Built more than 2,000 years ago, the ancient Nabataean city of Petra has a religious history embedded in its very walls.
Some refer to Petra as the Rose City for the rosy sandstone rock faces into which the Nabataeans carved their capital city. The rocky walls hold even greater significance than their color, though, as a team of archaeoastronomers recently discovered.
Petra's sacred monuments, the team reported in the Nexus Network Journal, may have been built to specifically align or illuminate during celestial events like the solstices and equinoxes. This offers an insight into the culture of the region, the report continues, indicating "a trace of the astral nature of the Nabataean religion."
Archaeoastronomy is a discipline that draws from archaeology, astronomy, religion and anthropology to investigate the astronomical alignment of ancient structures. These alignments, archaeoastronomers argue, can teach us about ancient cultures and religious world views.
Team head Juan Antonio Belmonte said the effect of the winter solstice at Ad Deir -- thought to have been a temple site -- offers just such a glimpse at the structure's religious significance.
"The lighting is spectacular; the sun setting through the gate perfectly illuminates the sacred areas of the deep interior," Belmonte told CNN. "Apart from the beauty of the situation itself, the effect -- which would have been observable only a week or so before and after the winter solstice -- also gives you information about the purpose of the building."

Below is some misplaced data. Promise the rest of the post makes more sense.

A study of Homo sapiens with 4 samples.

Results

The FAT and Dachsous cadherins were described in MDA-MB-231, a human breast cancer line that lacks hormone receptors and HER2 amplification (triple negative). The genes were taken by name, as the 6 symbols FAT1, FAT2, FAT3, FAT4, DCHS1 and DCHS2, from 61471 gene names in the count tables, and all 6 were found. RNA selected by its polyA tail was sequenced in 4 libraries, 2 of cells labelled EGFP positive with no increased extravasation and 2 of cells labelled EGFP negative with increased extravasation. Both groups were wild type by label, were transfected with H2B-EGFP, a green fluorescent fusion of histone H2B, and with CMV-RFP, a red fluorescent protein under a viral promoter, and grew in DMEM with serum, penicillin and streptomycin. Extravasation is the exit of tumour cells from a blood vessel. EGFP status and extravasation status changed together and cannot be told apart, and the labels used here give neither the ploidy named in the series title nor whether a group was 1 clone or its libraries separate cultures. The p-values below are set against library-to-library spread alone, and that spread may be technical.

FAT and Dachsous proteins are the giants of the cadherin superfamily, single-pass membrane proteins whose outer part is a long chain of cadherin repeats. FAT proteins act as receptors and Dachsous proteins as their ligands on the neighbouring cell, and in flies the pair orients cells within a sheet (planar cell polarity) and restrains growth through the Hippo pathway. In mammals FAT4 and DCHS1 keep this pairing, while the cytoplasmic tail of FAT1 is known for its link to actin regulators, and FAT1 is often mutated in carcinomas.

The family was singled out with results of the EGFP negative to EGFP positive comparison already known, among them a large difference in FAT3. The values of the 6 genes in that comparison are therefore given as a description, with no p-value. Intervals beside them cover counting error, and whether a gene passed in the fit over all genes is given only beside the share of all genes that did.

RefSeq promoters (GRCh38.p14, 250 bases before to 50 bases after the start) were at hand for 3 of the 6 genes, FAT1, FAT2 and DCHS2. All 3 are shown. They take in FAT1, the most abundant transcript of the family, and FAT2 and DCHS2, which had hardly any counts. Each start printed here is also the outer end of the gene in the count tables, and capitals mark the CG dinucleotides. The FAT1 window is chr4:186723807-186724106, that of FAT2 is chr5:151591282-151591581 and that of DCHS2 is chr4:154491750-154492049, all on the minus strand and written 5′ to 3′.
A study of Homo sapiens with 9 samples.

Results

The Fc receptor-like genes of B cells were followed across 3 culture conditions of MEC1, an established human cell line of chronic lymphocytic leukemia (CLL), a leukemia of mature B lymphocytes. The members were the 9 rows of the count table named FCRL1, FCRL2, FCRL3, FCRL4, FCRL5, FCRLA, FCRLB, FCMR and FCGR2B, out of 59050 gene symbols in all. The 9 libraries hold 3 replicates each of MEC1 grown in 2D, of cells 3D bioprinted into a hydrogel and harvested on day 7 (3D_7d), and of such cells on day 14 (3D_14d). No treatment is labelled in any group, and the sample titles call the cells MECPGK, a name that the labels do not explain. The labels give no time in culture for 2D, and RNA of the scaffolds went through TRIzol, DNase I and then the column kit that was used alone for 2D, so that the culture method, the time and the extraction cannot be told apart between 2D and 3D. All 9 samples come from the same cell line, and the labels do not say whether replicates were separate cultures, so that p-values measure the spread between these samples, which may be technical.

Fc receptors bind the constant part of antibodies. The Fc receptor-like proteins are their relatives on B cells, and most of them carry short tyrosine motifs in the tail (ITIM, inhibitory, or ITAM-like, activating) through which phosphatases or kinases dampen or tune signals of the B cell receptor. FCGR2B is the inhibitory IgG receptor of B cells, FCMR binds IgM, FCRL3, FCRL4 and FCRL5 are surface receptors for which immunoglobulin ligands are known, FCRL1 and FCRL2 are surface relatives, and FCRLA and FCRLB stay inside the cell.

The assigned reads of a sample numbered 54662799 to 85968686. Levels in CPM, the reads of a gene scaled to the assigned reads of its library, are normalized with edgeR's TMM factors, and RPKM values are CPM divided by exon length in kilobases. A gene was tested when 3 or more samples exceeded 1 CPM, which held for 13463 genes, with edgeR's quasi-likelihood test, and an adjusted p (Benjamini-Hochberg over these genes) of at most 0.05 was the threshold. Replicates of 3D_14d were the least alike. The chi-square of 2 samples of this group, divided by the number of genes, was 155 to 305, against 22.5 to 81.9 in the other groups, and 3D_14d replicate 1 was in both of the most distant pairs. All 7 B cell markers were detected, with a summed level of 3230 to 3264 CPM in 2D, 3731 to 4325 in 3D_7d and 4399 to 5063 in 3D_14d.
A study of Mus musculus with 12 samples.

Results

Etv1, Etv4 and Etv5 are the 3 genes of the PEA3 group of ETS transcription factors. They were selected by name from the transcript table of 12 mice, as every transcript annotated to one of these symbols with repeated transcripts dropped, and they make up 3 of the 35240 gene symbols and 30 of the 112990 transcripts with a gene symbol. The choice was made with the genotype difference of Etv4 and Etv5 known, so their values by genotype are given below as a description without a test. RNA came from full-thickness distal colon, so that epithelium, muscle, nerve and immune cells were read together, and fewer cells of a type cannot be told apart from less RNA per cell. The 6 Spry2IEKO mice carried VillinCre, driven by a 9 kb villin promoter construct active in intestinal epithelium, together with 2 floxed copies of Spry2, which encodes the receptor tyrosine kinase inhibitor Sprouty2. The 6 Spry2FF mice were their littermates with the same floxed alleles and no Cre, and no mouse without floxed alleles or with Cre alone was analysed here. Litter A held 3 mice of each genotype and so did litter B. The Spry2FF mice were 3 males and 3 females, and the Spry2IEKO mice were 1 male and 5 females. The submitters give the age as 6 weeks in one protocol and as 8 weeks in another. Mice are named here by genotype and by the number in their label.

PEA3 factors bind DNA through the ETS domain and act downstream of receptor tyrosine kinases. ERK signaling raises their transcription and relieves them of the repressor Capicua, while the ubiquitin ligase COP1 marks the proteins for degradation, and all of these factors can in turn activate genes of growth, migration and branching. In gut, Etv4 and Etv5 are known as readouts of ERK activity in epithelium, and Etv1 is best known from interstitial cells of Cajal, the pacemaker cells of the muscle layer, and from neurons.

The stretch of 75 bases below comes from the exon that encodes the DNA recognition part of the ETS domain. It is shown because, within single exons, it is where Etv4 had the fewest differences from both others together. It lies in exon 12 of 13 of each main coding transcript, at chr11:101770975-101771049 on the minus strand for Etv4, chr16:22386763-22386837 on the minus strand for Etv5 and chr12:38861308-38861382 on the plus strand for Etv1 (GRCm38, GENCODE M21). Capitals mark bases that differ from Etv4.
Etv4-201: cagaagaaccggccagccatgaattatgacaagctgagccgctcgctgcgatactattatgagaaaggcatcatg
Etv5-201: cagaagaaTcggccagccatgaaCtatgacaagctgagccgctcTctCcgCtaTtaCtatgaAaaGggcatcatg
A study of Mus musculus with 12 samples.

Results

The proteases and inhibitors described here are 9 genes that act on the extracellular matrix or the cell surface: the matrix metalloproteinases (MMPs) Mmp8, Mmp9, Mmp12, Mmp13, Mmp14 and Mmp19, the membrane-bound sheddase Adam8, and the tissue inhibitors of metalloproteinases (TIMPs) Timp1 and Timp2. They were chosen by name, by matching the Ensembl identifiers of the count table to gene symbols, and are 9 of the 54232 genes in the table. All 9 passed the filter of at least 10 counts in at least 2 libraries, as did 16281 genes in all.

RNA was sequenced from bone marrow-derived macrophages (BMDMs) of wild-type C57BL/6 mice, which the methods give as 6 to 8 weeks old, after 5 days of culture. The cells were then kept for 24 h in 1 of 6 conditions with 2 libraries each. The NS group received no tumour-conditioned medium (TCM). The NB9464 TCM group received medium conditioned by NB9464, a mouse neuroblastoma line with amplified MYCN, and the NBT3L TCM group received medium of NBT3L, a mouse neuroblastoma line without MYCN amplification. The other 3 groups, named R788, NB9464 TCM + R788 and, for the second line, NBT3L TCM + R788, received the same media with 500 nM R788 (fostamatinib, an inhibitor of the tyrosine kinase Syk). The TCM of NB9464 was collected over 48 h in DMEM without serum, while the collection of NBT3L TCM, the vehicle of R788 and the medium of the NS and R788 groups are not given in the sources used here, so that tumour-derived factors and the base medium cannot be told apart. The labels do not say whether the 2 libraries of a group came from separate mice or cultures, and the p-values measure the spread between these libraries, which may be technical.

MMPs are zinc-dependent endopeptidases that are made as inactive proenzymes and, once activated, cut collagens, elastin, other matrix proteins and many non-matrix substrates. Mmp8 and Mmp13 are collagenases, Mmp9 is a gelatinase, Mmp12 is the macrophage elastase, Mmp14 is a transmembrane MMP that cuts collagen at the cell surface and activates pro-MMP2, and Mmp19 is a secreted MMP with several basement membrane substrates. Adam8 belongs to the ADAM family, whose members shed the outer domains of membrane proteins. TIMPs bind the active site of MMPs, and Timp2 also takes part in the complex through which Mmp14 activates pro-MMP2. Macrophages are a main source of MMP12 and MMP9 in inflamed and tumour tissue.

To Belmonte, the findings indicate that Nabataean religion had roots in ancient astronomy, and the Nabataeans themselves likely had complex tools for astral measurement.
"With such an alignment, it's now clear that it was certainly a temple with an astral religious character," Belmonte said. "This can help us understand the religious beliefs of the Nabateans, and also their way of controlling time. It shows they could monitor the lunar calendar by solar and lunar observation."
Scholar believe the pre-Islamic culture of the Nabataeans to have drawn from Persian and Hellenistic civilizations. Some of their primary deities may have adopted Greco-Roman identities over time, including one goddess, al-Uzza, who is identified with Venus and the morning star. Researchers believe several of Petra's structures to be dedicated to her.